The controversial Mercedes rear wheelrims first appeared at the Belgian Grand Prix, and at the Mexican GP the team asked stewards to investigate them, resulting in them being ruled legal. It’s always difficult to quantify what is a moveable or moving aerodynamic device. The basic principle of cooling a brake disc by passing air through the holes in the disc means that, like the wheel, which at the very least has spokes, they are a moving aerodynamic device. But they are not moveable and the geometry is consistent when the car is stationary. Adding holes in the wheels is just exaggerating the wheel-spoke design.
Managing the tyre temperatures for both one lap in qualifying and over the full race is not easy. You want the tyres, especially the fronts, to warm up quickly for a qualifying lap, and over a race distance you want the rears in particular not to overheat. It is fairly easy to get the rears to come up to temperature by just spinning the wheels, but you don’t have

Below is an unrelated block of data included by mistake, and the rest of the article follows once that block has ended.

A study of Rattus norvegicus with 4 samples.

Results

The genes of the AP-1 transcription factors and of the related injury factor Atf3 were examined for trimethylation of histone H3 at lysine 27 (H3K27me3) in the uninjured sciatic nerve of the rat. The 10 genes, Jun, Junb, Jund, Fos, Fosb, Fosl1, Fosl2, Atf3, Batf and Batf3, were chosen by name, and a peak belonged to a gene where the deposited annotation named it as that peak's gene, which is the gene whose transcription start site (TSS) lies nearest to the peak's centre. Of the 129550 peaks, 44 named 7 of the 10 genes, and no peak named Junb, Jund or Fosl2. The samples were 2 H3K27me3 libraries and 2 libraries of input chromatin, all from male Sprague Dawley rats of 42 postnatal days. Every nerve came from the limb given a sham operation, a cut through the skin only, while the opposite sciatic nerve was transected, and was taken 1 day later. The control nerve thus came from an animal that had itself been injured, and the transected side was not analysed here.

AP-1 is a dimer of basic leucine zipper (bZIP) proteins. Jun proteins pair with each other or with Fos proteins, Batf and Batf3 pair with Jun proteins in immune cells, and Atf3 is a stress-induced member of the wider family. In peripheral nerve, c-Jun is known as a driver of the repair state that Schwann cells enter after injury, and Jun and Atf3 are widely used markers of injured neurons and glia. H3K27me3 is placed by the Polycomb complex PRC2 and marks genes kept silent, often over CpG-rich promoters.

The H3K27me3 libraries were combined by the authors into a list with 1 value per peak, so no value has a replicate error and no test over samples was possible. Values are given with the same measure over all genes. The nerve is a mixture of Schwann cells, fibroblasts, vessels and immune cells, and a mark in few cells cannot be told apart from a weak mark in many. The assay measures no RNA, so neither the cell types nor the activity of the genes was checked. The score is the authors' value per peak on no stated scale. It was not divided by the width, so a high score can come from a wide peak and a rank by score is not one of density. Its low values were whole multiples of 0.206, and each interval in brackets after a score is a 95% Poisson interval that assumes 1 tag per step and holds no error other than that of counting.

that option with the fronts. So getting them up to temperature is all about using the brake-disc temperatures to influence the wheelrim temperatures, which increases the tyre temperatures. That’s the reason why Mercedes has concentrated on only the rear wheels. Basically, it has vented some cool air directly from the brake-duct inlets through the wheel spokes just outside the diameter of the wheel-retaining nut. This acts like an insulator, reducing the heat transfer that the hot brake disc and axle have on the wheel mass.
With the brake discs running at something like an average of 650C and even higher just at the end of braking at corner entry, the cooling air is then carrying some of that heat with it through the wheelrim.